Thursday, August 30, 2007

An old article returns

(warning, slight bragging ahead)

In fall 2005, the editor of Bookmarks Magazine asked me to write an article for them on a historical fiction-related topic. While following their usual format of short recommendations on a variety of titles, I selected 20 benchmark historical novels and described why they were important for the genre. Then I provided several "readalike" novels for the original 20. It was an excellent writing exercise, given that each book summary had to conform to a certain length (short!). When the article appeared, I was surprised and pleased to see it was published as the cover story for the Jan/Feb 2006 issue.

The article has, by far, the most gorgeous layout of anything I've ever written, though I'm afraid the link at the bottom of this post doesn't really convey this. Hard to do, in HTML format. But the cover of the issue gives some indication. I've since learned, via a letter to the editor in Bookmarks' Jul/Aug 2007 issue, that their "historical fiction" issue sold out almost immediately. I was happy to hear this, but felt bad at the same time. A woman desperately wanted to buy it but couldn't. If I'd had any spare copies left, I'd have offered to send her one.

In his response, the editor promised to put the article online as soon as possible. This afternoon, I got notified via Googlealerts that he'd done so.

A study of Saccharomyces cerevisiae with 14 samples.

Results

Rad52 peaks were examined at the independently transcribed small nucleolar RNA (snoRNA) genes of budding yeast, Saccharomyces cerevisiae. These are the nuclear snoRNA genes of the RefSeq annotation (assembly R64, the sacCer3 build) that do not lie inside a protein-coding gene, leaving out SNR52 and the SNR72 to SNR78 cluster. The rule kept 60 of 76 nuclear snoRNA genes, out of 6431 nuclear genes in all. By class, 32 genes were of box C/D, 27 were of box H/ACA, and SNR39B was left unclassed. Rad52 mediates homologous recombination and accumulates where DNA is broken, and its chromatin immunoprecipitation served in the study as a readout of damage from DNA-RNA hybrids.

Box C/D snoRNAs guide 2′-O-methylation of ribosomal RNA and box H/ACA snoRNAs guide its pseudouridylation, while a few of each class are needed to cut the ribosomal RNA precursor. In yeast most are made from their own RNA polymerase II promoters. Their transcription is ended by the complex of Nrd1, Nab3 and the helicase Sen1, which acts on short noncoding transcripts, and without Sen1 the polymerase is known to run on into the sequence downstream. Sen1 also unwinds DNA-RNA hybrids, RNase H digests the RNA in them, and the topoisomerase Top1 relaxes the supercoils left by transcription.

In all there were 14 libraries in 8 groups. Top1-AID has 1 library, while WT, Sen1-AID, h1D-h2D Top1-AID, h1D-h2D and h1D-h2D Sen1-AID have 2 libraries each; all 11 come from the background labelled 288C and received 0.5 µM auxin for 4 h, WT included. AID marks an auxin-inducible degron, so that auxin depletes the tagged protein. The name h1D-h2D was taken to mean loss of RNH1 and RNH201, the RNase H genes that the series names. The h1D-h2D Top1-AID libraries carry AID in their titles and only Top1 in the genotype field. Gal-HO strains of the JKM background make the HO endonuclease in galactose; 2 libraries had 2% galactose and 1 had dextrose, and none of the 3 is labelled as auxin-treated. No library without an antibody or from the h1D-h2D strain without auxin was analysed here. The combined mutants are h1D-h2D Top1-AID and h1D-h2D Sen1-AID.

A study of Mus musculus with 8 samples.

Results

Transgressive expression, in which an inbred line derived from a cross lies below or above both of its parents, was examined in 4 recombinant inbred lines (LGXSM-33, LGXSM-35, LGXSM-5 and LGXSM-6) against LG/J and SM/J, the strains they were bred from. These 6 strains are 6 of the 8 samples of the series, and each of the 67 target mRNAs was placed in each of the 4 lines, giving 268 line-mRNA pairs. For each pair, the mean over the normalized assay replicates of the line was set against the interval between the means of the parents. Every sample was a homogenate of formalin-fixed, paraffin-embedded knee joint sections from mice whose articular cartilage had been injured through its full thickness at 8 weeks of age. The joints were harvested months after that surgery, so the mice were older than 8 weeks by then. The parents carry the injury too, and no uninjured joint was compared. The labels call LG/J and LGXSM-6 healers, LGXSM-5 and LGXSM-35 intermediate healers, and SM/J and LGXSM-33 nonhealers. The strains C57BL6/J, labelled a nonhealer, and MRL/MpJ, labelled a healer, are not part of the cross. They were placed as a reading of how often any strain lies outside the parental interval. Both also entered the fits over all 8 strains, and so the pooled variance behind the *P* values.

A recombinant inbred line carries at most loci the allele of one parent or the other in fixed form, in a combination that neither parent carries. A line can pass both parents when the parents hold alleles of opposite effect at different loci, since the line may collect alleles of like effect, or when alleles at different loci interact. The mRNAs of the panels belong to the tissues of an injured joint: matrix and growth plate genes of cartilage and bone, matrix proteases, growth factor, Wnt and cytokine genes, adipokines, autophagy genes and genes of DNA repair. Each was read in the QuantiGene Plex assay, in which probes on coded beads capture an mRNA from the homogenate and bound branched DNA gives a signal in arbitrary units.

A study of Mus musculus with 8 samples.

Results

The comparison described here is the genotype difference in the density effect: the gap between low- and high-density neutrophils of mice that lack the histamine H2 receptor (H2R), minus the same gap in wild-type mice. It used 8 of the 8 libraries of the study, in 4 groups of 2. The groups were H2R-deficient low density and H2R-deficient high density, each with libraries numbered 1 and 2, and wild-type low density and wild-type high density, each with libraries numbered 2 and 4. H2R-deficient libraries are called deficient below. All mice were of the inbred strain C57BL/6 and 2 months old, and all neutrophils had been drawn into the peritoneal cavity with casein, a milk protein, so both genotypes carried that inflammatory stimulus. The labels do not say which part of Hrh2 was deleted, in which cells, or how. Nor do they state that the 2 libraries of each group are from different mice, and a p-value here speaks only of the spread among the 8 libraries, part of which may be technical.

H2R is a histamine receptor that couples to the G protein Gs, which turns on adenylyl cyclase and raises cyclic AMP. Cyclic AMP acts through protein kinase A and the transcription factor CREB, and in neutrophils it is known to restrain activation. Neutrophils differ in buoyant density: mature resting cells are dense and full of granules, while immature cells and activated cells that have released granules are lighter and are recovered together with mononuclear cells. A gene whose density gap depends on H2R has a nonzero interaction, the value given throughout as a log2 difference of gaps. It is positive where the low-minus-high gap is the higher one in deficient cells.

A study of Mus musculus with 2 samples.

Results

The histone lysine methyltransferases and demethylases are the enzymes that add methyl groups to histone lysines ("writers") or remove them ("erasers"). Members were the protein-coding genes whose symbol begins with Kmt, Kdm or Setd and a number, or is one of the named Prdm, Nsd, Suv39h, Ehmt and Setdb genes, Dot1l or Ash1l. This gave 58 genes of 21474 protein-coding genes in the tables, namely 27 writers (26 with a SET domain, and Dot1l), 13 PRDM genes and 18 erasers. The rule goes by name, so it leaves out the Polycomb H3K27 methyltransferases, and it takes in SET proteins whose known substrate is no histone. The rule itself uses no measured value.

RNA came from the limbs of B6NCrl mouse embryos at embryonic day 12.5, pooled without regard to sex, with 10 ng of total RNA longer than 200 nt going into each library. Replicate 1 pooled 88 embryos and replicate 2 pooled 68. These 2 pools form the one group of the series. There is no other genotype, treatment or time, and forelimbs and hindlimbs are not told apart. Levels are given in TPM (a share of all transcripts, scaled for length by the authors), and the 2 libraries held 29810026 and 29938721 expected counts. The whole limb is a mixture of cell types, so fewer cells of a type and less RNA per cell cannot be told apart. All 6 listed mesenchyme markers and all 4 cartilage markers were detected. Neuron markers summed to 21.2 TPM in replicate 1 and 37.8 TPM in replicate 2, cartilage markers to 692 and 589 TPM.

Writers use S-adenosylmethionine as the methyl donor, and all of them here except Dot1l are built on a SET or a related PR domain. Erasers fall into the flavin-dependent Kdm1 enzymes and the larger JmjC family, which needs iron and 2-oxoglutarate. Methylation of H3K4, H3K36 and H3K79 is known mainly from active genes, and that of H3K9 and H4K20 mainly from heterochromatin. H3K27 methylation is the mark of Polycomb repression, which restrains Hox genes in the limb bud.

Coming up with 20 books out of the thousands of historical novels ever published was great fun, and a challenge. I did my best to ensure that as many subgenres and time periods were represented as possible, to show the genre's diversity. Do you agree with my picks? What else would you have included?

Anyhow, please read on, if you so choose:
Masters of the Past: Twenty Classic Historical Novels and Their Legacy


  1. Congrats! I need to get reading some of these (though I at least have Katherine under my belt).

  2. Congrats! I've read Shogun, and 300, but some of the others I should pick up as well.

  3. Thanks! If I can still say that, a year and a half after publication :)

    300 isn't actually in the article (haven't read it either - any good?), though Pressfield's version of Thermopylae is.

  4. What a great article! I have a couple of them on my list of books to aquire in the future.

  5. Anonymous2:17 AM

    What a wonderful article! Some favorites (The Grand Sophy and the Lymond Chronicles in particular) and lots of new books to try.

  6. Excellent article! Many of my favourites are there, plus some new ideas to try out.

  7. Congrats, Sarah. Great article, and excellent choices, too. I have a first edition of "Sword in Sunset" that I bought at a second-hand shop that was closing down. I've never read it but I think I will now. Nice to see it's been reissued.

    Hard to say what I'd add: I think Edith Pargeter's "Heaven Tree Trilogy" is one of the finest classics set on the Welsh border, medieval times, though I understand Ellis Peters had to be there (!)

  8. Thank you!
    My copy of Sword at Sunset is an extremely ratty paperback. Unfortunately I don't think it has been reissued, at least not in the US.
    Yep, given Ellis and Edith, I had to choose Ellis - I was going more for subgenre there than time period. The Heaven Tree Trilogy's definitely worth reading. I've also enjoyed The Marriage of Meggotta.